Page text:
Google's planned $1.2 billion acquisition of wireless wearable technology company Fitbit, Inc. might end up being sunk by an investigation launched Tuesday by the European Commission.
The executive branch of the European Union expects to complete its investigation by Dec. 9. The EC said it was launching its latest investigation of Google because of concern the search company will "further entrench" its market position in online advertising if it uses Fitbit's data to help personalize advertisements it delivers to users of its platforms. Google also owns YouTube.
"Our investigation aims to ensure that control by Google over data collected through wearable devices as a result of the transaction does not distort competition," executive vice president of the European Commission for A Europe Fit for the Digital Age, Margrethe Vestager, said.
By acquiring Fitbit, Google would acquire databases maintained by Fitbit containing information about its users' health and fitness, she said. The acquisition will also give Google the technology to develop a database similar to Fitbit's and, thereby, increasing its advertising power.
Vestager said the use of wearable devices by consumers in Europe was expected to grow significantly. This will inevitably lead to an exponential growth of data generated by Fitbit's wearable devices, she said.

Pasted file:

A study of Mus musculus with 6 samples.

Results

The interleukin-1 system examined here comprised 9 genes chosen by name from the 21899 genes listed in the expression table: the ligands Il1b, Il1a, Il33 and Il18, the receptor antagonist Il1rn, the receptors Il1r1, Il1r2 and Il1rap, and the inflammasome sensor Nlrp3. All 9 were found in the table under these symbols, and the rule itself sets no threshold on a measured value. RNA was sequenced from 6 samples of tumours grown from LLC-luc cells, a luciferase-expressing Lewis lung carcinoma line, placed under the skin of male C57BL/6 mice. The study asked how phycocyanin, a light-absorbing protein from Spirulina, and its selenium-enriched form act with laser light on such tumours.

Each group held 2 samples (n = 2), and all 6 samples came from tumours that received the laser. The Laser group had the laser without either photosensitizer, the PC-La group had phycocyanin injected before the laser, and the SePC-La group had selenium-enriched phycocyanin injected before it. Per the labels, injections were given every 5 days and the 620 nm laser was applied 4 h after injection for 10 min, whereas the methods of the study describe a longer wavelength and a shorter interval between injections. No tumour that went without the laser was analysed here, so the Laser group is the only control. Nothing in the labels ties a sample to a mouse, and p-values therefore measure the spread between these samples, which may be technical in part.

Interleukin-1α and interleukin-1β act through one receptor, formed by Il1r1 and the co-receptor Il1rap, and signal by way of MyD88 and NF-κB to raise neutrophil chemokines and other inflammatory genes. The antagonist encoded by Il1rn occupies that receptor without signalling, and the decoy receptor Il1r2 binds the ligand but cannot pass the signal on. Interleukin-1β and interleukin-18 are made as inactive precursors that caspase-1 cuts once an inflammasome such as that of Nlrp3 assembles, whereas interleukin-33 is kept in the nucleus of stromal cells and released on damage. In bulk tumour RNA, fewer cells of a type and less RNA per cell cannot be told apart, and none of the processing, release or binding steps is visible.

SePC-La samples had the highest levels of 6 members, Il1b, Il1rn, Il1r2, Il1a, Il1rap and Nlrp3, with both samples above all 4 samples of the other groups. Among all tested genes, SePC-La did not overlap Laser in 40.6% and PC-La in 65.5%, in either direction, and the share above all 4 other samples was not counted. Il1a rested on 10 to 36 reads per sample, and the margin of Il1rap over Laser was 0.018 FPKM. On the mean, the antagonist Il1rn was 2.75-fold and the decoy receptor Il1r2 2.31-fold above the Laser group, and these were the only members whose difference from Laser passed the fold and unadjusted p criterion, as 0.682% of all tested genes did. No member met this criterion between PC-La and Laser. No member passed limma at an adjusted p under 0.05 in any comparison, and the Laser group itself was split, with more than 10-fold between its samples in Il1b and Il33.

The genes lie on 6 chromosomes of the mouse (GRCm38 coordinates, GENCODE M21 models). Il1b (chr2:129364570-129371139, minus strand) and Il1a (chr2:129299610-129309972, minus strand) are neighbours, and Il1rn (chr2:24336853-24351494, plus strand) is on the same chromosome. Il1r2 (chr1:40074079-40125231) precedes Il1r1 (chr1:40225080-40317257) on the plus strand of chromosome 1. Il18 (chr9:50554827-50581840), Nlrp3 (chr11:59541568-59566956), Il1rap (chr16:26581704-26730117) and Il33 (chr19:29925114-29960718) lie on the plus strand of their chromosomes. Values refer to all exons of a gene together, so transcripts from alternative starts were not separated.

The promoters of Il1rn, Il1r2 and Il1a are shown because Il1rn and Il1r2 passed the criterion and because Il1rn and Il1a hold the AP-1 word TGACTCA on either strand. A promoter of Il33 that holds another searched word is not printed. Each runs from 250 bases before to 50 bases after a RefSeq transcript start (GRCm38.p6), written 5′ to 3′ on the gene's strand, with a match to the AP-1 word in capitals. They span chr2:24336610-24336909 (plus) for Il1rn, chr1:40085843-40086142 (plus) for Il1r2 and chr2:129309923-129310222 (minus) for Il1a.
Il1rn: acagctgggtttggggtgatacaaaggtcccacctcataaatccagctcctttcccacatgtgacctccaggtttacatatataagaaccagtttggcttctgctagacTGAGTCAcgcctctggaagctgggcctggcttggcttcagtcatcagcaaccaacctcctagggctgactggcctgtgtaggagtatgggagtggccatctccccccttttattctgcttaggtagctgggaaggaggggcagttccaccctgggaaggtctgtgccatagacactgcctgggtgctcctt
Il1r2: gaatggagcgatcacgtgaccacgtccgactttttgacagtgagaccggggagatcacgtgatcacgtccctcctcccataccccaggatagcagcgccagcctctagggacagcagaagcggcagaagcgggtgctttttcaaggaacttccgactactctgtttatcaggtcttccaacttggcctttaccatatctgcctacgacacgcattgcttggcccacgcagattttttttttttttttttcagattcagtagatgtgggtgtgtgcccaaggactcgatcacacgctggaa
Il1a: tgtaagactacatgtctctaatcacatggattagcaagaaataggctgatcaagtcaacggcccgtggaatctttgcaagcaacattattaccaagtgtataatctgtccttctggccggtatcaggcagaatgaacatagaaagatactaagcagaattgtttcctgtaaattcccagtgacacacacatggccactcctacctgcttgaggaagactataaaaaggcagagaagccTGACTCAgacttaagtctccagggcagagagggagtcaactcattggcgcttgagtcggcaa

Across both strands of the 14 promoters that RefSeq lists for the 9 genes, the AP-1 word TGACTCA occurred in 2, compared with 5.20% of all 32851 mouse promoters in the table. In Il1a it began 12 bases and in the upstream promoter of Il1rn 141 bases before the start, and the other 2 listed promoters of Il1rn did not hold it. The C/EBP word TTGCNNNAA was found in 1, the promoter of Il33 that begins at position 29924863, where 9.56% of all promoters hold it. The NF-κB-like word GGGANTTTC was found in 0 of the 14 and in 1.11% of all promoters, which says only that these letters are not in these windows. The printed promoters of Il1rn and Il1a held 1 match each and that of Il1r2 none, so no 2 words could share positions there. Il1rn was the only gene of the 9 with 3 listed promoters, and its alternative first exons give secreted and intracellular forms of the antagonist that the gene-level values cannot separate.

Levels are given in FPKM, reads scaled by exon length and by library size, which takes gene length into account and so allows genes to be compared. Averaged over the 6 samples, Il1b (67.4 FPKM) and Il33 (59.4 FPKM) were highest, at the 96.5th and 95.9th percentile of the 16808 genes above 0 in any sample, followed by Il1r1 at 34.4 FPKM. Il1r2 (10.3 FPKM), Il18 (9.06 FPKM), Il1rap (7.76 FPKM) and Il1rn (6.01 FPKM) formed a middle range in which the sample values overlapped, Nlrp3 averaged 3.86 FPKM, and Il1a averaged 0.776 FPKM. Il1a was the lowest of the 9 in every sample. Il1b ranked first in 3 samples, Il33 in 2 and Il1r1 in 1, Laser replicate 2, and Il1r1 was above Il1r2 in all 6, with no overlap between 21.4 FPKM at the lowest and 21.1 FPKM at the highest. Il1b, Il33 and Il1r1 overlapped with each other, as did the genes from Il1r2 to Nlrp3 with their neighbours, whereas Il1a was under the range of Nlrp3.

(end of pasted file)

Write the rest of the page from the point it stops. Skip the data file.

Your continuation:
"Our investigation aims to ensure that control by Google over data collected through wearable devices as a result of the transaction does not distort competition," Vestager said.
The EC believes data collected by wrist-worn wearable devices is an important advantage in online advertising. The acquisition of Fitbit will increase Google's data advantage in the personalization of its online ads.
This edge will also make it more difficult for Google's rivals to match Google's online advertising services. Fitbit's acquisition, therefore, will raise barriers to entry and expansion for Google's competitors in these services to the ultimate detriment of advertisers and publishers that will be hurt by higher prices, the EC said.
Google claims the deal to acquire Fitbit isn't about data, but market share. "This deal is about devices, not data," Rick Osterloh, senior vice president of devices and services, said. "We've been clear from the beginning that we will not use Fitbit health and wellness data for Google ads."
Osterloh said there was vibrant competition when it came to smartwatches and fitness trackers. He said Apple - with a 50 percent share of the international smartwatch market - Samsung, Garmin, Fossil, Huawei, Xiaomi and many others offered many products that compete with Fitbit.
"We don't currently make or sell wearable devices like these," Osterloh said. "We believe the combination of Google and Fitbit's hardware efforts will increase competition in the sector, making the next generation of devices better and more affordable."
Google announced its intent to acquire Fitbit on Oct. 31. Osterloh said the Fitbit acquisition was "an opportunity to invest even more in Wear OS as well as introduce Made by Google wearable devices into the market."